People might visit a Walmart in search of a bargain. But when it comes to the banks inside the store, many customers are paying an arm and a leg in fees.

An analysis from The Wall Street Journal found that the five banks with the most in-store branches inside Walmart (WMT) also rank among the top U.S. banks in fee income as a percentage of deposits.

For banking customers of those branches, that means many of them are paying overdraft fees -- sometimes as much as $30 to $35 -- that, if calculated as the annual percentage-rate interest rate on a loan, would amount to a 300 percent APR, the paper said.

Avoiding overdraft fees
Although overdraft fees provide an important source of income for the banking industry, they've also become a lightning rod. Consumer Financial Protection Bureau director Richard Cordray has said that some practices can "inflict serious economic harm" on customers.

Some Walmart customers are effectively using the overdraft service as payday loans, opting to overdraw their accounts to cover their daily costs until their paychecks come in. One woman told The Journal that her $300 overdraft (which came with a $30 fee) was needed for urgent car repairs, and added she figured it was cheaper than a loan.

Another customer estimated he had shelled out more than $10,000 in overdraft fees to First Convenience over a decade. He started complaining after the bank added a $35 "negative balance fee" after an account remained overdrawn for more than five days, where previously he faced a $2.49 per-day fee after five days, the article notes.

For its part, Walmart told the publication that the retailer doesn't "dictate the prices our banking tenants charge."

The bottom line? The top five banks operating within Walmart stores generated more income from fees than from lenders' traditional bread-and-butter business of making loans.

It's worth noting that the banks aren't charging more for overdraft fees than those not located inside a Walmart. Instead, customers of the retail giant are more likely to use the service because many are living in or on the edge of poverty.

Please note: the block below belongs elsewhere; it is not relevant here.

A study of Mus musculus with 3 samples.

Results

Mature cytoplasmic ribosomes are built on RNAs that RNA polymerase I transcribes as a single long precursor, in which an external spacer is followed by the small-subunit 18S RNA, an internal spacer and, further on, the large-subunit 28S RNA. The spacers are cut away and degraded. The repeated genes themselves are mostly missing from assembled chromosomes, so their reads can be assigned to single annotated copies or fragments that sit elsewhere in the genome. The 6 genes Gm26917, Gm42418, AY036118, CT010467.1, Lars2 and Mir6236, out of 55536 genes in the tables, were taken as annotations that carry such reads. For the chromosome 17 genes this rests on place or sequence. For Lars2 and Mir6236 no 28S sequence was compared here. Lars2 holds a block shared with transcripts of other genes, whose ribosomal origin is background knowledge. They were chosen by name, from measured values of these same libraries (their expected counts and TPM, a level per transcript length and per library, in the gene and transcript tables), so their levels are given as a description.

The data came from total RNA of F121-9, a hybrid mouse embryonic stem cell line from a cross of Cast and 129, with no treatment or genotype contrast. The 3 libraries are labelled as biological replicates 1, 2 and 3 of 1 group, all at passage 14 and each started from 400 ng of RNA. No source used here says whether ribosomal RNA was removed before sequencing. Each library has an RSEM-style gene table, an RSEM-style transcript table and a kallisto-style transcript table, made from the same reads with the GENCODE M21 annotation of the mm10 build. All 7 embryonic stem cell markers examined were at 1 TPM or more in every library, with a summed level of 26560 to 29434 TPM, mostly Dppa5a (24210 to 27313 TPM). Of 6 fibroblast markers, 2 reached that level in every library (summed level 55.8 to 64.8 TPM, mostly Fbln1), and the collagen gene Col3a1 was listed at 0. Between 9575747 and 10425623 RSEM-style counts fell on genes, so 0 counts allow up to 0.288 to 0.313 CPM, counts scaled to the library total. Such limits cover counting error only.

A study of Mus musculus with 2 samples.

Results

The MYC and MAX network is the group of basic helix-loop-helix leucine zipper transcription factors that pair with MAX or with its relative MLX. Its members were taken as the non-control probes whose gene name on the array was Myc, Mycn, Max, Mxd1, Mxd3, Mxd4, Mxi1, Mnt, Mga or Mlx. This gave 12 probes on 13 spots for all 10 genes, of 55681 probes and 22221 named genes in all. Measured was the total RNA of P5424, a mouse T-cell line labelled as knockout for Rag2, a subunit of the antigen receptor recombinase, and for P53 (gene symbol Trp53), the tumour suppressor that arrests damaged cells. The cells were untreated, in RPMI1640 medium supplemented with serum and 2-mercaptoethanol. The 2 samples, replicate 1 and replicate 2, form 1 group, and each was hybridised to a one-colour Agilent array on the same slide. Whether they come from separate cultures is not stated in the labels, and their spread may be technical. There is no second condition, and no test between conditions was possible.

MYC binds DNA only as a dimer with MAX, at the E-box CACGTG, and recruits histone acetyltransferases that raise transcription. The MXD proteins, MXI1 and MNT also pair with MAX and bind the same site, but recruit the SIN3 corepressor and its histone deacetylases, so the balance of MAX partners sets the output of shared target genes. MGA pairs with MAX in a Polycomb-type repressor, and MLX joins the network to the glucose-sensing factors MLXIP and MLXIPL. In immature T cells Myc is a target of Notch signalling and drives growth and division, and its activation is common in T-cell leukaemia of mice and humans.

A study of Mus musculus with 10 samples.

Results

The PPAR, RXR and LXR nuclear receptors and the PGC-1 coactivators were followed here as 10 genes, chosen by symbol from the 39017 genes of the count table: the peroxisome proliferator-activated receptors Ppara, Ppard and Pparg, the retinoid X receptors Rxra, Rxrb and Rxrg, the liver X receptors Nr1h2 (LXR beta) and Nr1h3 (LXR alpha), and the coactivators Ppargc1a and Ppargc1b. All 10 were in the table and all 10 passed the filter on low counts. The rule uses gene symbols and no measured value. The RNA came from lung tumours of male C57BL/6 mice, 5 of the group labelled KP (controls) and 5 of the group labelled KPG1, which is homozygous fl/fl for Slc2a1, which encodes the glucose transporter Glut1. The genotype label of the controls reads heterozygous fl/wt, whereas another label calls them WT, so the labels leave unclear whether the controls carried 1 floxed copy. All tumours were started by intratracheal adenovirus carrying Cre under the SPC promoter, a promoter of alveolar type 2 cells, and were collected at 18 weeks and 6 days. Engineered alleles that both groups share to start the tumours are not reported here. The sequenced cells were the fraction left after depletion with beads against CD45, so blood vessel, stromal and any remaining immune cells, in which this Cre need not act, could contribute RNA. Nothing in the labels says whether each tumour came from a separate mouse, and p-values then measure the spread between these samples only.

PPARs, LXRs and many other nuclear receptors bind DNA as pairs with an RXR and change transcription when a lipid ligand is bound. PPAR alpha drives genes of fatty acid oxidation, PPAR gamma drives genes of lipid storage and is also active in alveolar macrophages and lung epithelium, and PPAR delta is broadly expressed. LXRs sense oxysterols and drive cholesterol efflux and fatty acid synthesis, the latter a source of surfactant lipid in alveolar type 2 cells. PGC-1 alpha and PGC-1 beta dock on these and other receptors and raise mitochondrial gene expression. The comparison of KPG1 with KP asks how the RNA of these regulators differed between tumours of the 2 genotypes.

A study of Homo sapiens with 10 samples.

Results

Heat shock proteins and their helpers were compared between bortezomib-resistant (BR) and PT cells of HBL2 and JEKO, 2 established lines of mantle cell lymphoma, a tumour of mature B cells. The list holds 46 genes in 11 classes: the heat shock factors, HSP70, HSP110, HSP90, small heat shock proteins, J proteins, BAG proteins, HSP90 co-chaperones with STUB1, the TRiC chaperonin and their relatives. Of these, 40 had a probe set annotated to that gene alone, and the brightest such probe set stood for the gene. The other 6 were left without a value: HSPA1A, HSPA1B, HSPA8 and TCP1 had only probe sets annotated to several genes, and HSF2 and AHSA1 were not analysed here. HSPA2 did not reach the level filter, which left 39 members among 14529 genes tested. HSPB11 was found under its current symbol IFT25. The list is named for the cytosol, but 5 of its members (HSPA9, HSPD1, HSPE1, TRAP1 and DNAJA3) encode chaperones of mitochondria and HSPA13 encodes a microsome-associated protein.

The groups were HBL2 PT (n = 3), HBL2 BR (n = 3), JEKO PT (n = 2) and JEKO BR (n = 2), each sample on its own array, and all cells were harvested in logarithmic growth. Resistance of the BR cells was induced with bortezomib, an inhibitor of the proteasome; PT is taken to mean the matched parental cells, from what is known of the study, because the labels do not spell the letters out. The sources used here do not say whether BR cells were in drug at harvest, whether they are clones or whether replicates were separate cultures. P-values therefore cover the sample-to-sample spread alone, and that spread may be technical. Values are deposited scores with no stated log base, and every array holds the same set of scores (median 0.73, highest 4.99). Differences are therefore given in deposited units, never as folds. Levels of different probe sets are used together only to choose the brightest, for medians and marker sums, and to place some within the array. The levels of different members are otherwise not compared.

Almost half of Walmart customers bring in less than $35,000 in annual household income, compared with just 28 percent of Target (TGT) customers, Advertising Age found. Many Walmart customers also rely on food stamps and other government programs. With money in short supply for some store customers, they're more likely to use the banks' overdraft fees in lieu of payday loans.

Walmart told The Journal that it has a "very thorough process" for screening banks that rent store space, but said that it doesn't get involved in their operations.

The bank with the biggest presence in Walmart, Woodforest National Bank, said that through its more than 700 in-store branches it's able to provide banking services to people who may not otherwise have access to financial services.

"The CFPB recognizes the need for short-term, small-dollar credit products that do not leave consumers worse off," a bureau spokesperson said by email. "The bureau has raised concerns about the potential risk overdraft services pose to consumers and will continue to study the impact of these products."

Meanwhile, overdraft fees continue to rise, with the charge rising 45 percent to $31.26 in 2012, up from $21.57 in 1998, the CFPB noted in a 2013 report. That's creating $32 billion in overdraft revenue for banks. For its part, the bureau last year said it would continue to study the risks of overdraft programs to consumers.